Grocery Store Analogy to Better Understand Hyperparameters and Parameters
Essential machine learning concept, simplified !
A machine learning model’s parameters and hyperparameters are essential components. However, given the complexity of machine learning, it can be difficult to comprehend them. Let’s use an accessible, everyday analogy that everyone can understand to debunk these ideas: navigating through a grocery store.
Consider yourself in an unfamiliar grocery store and attempting to locate the dairy section. The question arises, what approach would you use to find it? Would you check each aisle one by one or skip every other aisle? Checking each aisle ensures that you’ll eventually reach the dairy section, but skipping aisles decreases the likelihood of success since you might overlook the aisle you missed. This situation exemplifies a hyperparameter, which is a variable that you choose that can impact your chances of achieving your goal.
Suppose you chose to search through each aisle and finally located the dairy section. Now that you know where it is, the next time you visit the store, you can head directly to the dairy aisle without having to search for it. Your mental representation of the store might be something like this: upon entering, turn left and then right, and the dairy section will be on your left. This is an illustration of a parameter, which is what you gained knowledge of after finding the aisle for the first time. You cannot influence or decide how it appears because the dairy aisle always exists in the same location.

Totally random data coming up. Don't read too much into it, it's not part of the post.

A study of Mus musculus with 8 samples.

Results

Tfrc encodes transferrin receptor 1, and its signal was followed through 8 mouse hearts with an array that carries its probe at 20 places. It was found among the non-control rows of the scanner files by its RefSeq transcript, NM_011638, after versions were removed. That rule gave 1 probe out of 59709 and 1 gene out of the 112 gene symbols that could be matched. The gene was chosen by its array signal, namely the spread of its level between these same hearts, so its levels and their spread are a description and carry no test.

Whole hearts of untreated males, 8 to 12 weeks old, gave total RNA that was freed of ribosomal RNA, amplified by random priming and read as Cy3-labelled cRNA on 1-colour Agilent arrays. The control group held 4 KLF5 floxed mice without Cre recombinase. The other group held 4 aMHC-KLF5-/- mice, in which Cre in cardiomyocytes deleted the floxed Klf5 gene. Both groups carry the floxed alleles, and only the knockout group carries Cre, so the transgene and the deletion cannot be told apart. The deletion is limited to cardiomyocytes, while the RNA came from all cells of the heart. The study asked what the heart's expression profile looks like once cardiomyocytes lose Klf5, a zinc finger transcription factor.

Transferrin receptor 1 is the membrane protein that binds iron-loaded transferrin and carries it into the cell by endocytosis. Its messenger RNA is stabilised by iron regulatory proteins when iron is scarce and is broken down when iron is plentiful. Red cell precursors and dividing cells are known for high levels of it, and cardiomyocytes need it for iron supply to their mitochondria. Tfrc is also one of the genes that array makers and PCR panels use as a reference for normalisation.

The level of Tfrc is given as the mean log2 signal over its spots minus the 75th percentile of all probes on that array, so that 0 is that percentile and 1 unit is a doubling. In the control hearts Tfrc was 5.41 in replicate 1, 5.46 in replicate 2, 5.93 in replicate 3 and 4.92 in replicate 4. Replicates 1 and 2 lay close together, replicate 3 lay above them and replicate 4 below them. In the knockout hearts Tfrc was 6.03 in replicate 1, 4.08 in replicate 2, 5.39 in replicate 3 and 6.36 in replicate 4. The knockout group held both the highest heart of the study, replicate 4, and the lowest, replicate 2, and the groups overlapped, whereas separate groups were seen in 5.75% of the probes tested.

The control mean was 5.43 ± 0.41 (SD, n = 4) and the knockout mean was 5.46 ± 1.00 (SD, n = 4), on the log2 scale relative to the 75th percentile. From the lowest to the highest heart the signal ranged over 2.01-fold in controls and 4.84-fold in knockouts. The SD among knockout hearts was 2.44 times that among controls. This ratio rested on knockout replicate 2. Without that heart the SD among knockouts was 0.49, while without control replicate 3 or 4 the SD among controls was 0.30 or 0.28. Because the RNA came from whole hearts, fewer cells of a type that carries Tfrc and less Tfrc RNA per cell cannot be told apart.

Now let’s put ’em all together !
The grocery store analogy is a simplified representation of how hyperparameters and parameters function in machine learning. In actuality, you wouldn’t give much thought to the speed at which you search for the dairy section (unless you’re in a rush). Thus, looking through every aisle would be an obvious choice.
However, in machine learning, we frequently deal with extensive datasets. This implies that, in the context of the grocery store, we may have to search through, for example, 10,000 aisles to locate the dairy section. This is where hyperparameters become critical. Should you spend days scouring every single aisle to find the dairy section? Or would you rather save a few minutes by skipping every 2,000 aisles and accepting a reasonable substitute for milk since you don’t want to spend too much time? It’s your decision to make.